I’ve just returned from a fortnight in France which was mostly taken up with presenting Young Pine Marten to his family, and one of my brothers-in-law (who we shall call Tom for reasons of convenience) is a very keen hunter. What he isn’t is a very good organiser so it’s taken him ten years to make good on his plan to invite me boar hunting with him. Luckily, with the help of some well-targeted female badgering, it finally happened this time. To be fair to him, until very recently, his house in the middle of nowhere much was something of a tumbledown ruin. Now thanks to a lot of elbow grease and know-how, it’s a beautiful huge great converted farm with all mod-cons and a beautiful view over a valley and a lake. One wing is deliberately not restored very much and serves as a sort of hunting headquarters. That sounds rather grand, but we’re talking about piles of boots, an old wooden cupboard full of guns (key on the lock so that he doesn’t lose them…), plastic tables and chairs, a tray of apéritifs and some glasses, plus assorted bric-a-brac.
As we arrived there on the Tuesday afternoon, I was in the middle of unpacking when he shouted at me to come down immediately. He’s an irrepressibly energetic guy and you have to follow or be left behind. I grabbed my coat, hat, knife and chased him into the hunting lodge, where he pulled out an old Ugartechea side by side and a Baikal over and under from the cupboard, told me to choose one, and started stuffing my pockets with cartridges. I took the side-by-side as that’s what I’m used to, and it fitted me better. “Here”, he said, “here are sixes for pigeons or any other small game, although there isn’t much, twos for roe or foxes, slugs for boar. We shoot everything that moves today except for hares. I have three tags for roe, male or female. Come on, let’s go!”.
As we charged off into one of his fields that he’d sown with mustard to attract boar, I rearranged the cartridges into my pockets so that I knew what was where, although I did rather think that in the event of being loaded up with the wrong ammunition for the species that presented itself, there would be no realistic chance of switching in time. At this point, I stopped him for a second to ask what the plan was. “I don’t have one, we’re going to walk around and see if we can see any boar tracks. If you see any pigeons or woodcock, shot at them”. It sounded chaotic but I managed to work out that it wasn’t. It was in fact fundamentally the same sort of opportunistic roughshooting that I do when on my own, with the added subtlety that really, he was looking for boar tracks in and out of specific woods, fields, barbed wire fences, and importantly a shallow pond surrounded by impenetrable scrub, all of this on sloping ground ending up on fleshly-ploughed fields at the bottom, which marked the boundary.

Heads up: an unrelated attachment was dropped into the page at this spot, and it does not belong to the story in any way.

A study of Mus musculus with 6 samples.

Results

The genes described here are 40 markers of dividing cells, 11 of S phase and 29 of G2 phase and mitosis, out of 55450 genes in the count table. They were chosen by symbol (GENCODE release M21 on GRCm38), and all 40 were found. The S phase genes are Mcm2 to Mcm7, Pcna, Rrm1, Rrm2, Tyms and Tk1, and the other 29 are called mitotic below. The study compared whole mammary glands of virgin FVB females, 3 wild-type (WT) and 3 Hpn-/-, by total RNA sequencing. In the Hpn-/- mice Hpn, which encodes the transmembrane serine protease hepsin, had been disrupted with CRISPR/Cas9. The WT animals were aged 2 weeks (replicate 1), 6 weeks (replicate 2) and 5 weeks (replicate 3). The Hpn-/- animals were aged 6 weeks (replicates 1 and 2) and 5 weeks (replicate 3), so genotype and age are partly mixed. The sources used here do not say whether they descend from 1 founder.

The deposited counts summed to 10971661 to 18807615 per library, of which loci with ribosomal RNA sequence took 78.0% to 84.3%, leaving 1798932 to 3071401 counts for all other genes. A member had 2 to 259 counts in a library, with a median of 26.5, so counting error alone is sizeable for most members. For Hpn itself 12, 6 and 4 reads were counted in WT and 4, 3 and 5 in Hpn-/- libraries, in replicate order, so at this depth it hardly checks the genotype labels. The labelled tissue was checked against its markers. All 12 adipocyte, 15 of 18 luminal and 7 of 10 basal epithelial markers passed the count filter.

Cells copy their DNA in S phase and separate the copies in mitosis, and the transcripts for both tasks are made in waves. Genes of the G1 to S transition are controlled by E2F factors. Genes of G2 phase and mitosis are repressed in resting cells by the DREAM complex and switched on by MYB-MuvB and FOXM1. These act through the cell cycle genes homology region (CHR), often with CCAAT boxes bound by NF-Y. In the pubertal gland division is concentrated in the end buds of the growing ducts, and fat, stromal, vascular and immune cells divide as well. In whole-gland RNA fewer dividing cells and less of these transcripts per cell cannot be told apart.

I helped out looking for sign as much as I could, but when we’d completed our circuit, and the sun was going down, he said that he thought a smallish boar had entered the scrubby pond and not come out. There followed a load of frantic mobile phone calls to his little brother who keeps the beagles, his father, and finally his 86 year-old grandfather who was the first to turn up in the farmyard, pulling a closed gun from his boot. He’d told me earlier that he always had a gun in the car in case of an opportunity. He obviously didn’t believe in any of that namby-pamby breech opening to show that he was safe either. Closed and leant against a grass bank was good enough for him…
With the light falling fast, the brother with the dogs arrived, Tom explained where he thought the boar was and we set off. Now it made sense to me what we were doing. I was to take up position on the lower boundary with my rifle (I’d switched in the interim) and shoot anything that ran out onto the open field where it was safe to do so. This is the part where my heart started thumping: they’d quite deliberately placed me at the most likely spot of an improvised boar drive. I stood side-on to the wood, changing sides depending on the noise I could hear. His brother was shouting commands at the dogs, I could hear rustling, howls, barks, saw the odd flash of blaze orange between the branches, where the others were, but I had no idea what was going on in there, I was informed only by how frenzied the shouting and barking was. The origin of the sound changed all the time, and I moved up and down the boundary accordingly, as I’d been instructed to.
Suddenly, I saw a streak of russet about 100m away as a fox sped out the end of the wood along a fence, mostly hidden by grass. There was no way I was attempting that shot, and that wasn’t what I’d come for anyway. As I pondered that, I heard Tom’s brother shouting: “CA PART! LAURENT! A TOI!”. Oh merde, I’d sort of been hoping this wouldn’t happen so I wouldn’t make an ass of myself. I couldn’t see much by now, but in the open, it would still have been fine. There was an almighty crash right behind me, perhaps three or four metres into the wood, I saw a flash of reddish-brown as a roe buck went past, but offered no shot. Back into the wood it vanished. Heart thumping, I unloaded and climbed back up the hill, met up with the others, and back we went for an aperitif, absolutely buzzing with the excitement of almost having made it happen with the space of 25 minutes.
What a staggeringly different way of hunting from ours, but how exciting! I shall be back, if they’ll have me! Which they have to, because I’m family, and besides, as Tom said “Il faut qu’on lui fasse tuer un cochon!”.
NB: Obviously, I was "HUNTING" in France and not "HINTING" as the thread title says. I don't think I can change that though.